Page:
Essential California: Illegal pot farms upend desert life

A structure full of marijuana plants
A June 8 photo from the Los Angeles County Sheriff’s Department shows marijuana plants inside an illegal grow operation in the Antelope Valley.
(Los Angeles County Sheriff’s Department)

Good morning, and welcome to the Essential California newsletter. It’s Monday, July 12. I’m Shelby Grad, filling in for Justin Ray.

The legalization of marijuana has not gone as California planned. Tax revenues have not hit anywhere close to the levels officials expected. It’s so bad the state is considering a $100-million bailout of the industry. Illegal marijuana operations remain a huge problem and a source of violence and crime.

Now, a new Times investigation looks at how illegal marijuana is transforming the Mojave Desert in troubling ways. The desert, with its remote location and sun, is now a pot-growing hot spot. Among the findings:

— This hot, dry, unforgiving climate has attracted more than a thousand marijuana plantations that fill the arid expanse between the Antelope Valley and the Colorado River.


— Authorities say the boom has led to forced labor, violence, water theft and the destruction of fragile desert habitat and wildlife.

— The Times found at least five Mojave Desert slayings in 2020 and 2021 that investigators said were related to pot farming, as well as one attempted murder. In one recent eradication sweep, authorities seized 373,000 pot plants and more than 16 tons of harvested marijuana with a street value of more than $1 billion — the largest such operation in the department’s history.

Read more from The Times’ investigation here.

And now, here’s what’s happening across California:


In Northern California, fires continue to burn at a rapid pace, destroying some homes in remote areas Sunday. Los Angeles Times

Danger in the air: One of the fires created its own lightning. Los Angeles Times

Plumes of smoke and fire
Smoke and fire rise above Frenchman Lake as the Sugar fire, part of the Beckwourth Complex, burns in Plumas National Forest on Thursday.
(Noah Berger / Associated Press)

The weekend brought daily high temperature records, including 120 in Palm Springs on Saturday. But some cooling is on the way. Los Angeles Times

Climate change is being felt in profound ways in the Antelope Valley, which hit new highs this weekends. It’s bringing soul-searching in the far-out suburbs. Los Angeles Times

Lake Mead, a lifeline for 25 million people and millions of acres of farmland in California, Arizona, Nevada and Mexico, made history when it was engineered 85 years ago, capturing trillions of gallons of river water and ushering in the growth of the modern West. The drought has left it unrecognizable. Los Angeles Times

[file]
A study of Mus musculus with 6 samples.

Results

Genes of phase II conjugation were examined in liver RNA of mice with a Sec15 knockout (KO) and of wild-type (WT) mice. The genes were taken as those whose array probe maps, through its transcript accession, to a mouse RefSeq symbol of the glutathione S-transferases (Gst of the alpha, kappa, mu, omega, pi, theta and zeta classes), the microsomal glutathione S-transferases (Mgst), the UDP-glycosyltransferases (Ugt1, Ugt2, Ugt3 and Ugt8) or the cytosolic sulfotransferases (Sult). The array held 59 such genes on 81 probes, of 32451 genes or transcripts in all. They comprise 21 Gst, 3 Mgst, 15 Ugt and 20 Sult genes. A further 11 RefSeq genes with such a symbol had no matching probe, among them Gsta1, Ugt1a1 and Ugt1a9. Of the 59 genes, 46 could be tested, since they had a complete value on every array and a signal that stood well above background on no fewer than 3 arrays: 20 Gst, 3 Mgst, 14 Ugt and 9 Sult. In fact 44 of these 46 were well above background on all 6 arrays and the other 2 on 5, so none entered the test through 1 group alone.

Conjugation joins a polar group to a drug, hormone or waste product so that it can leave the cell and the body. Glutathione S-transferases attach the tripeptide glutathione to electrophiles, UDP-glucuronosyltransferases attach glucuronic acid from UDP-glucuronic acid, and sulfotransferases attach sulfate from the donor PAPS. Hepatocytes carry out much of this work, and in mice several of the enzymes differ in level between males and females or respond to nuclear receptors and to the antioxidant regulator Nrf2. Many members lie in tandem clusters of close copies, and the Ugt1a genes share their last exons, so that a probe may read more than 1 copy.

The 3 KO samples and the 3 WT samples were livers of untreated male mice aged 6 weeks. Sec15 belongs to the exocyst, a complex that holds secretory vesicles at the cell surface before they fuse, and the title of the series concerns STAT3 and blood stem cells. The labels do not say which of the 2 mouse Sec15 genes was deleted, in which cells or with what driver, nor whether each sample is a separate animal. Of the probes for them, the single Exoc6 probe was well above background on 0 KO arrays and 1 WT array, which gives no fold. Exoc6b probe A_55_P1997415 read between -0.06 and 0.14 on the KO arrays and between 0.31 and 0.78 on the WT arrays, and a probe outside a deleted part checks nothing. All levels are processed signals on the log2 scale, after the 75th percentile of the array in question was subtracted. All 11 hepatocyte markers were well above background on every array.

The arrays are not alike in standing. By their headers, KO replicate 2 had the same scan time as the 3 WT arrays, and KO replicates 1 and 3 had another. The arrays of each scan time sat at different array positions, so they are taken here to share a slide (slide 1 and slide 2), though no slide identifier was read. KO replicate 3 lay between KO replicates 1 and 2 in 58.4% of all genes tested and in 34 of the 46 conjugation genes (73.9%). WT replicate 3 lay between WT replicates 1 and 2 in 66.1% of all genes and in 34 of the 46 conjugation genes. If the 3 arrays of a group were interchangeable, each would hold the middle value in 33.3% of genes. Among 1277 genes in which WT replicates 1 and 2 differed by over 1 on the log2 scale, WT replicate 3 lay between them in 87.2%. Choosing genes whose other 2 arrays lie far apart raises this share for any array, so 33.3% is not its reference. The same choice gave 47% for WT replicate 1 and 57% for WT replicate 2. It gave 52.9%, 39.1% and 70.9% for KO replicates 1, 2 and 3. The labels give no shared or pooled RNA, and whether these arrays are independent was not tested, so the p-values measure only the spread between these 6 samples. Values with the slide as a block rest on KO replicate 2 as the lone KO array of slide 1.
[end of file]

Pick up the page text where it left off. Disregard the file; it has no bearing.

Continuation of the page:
The scene in Death Valley, which hit 130 degrees this weekend. New York Times

Mental health trauma from the Woolsey fire endures three years later. Los Angeles Daily News

Trying to save the salmon amid drought. San Francisco Chronicle

Weighing the risk: So, how bad will it get? Mercury News


Unvaccinated people face a growing risk: Some who have not been inoculated may have hoped that the dramatic decline in COVID-19 cases this spring and summer — which officials attribute to a robust vaccination campaign — could be enough to protect them. But with the continued spread of the highly contagious Delta variant, infections are again on the rise — and communities with low vaccination rates are in the crosshairs. Los Angeles Times

Los Angeles County has recorded thousands of new coronavirus cases in three days, part of a troubling rise in cases as viral transmission increases among unvaccinated people. Los Angeles Times

Even the Bay Area is beginning to see increases in COVID-19. San Francisco Chronicle


The challenges facing L.A.’s next mayor: As Los Angeles emerges from the shadows of a global pandemic, its economy is a patchwork of inequity and privilege. Homeless camps have spilled from streets and underpasses onto beaches and city parks. It’s a huge agenda for Eric Garcetti’s successor. Los Angeles Times

The state budget remains a battleground even with Democrats in control. Sacramento Bee

The oil bust is hitting one school district hard. Bakersfield Californian


California victims of sterilization speak out about history and justice. New York Times


Disney is employing some interesting accounting with “Black Widow.” Does it tell us about the future? Deadline

Soundstages are in big demand as Hollywood returns to post-pandemic production. Wall Street Journal

A pioneer in gay art has a Los Angeles retrospective, and it’s no “Queer Eye for the Straight Guy.” Los Angeles Times

A new generation of young Sikh farmers is making its mark in the Central Valley. New York Times



This week’s birthday for someone who made a mark in California:

Linda Ronstadt was born on July 15, 1946, in Tucson, Ariz., but it was California where she made her career and home. In 2019, The Times’ Amy Kaufman visited the singer at Ronstadt’s Bay Area house, where she reflected on her life.

If you have a memory or story about the Golden State, share it with us. (Please keep your story to 100 words.)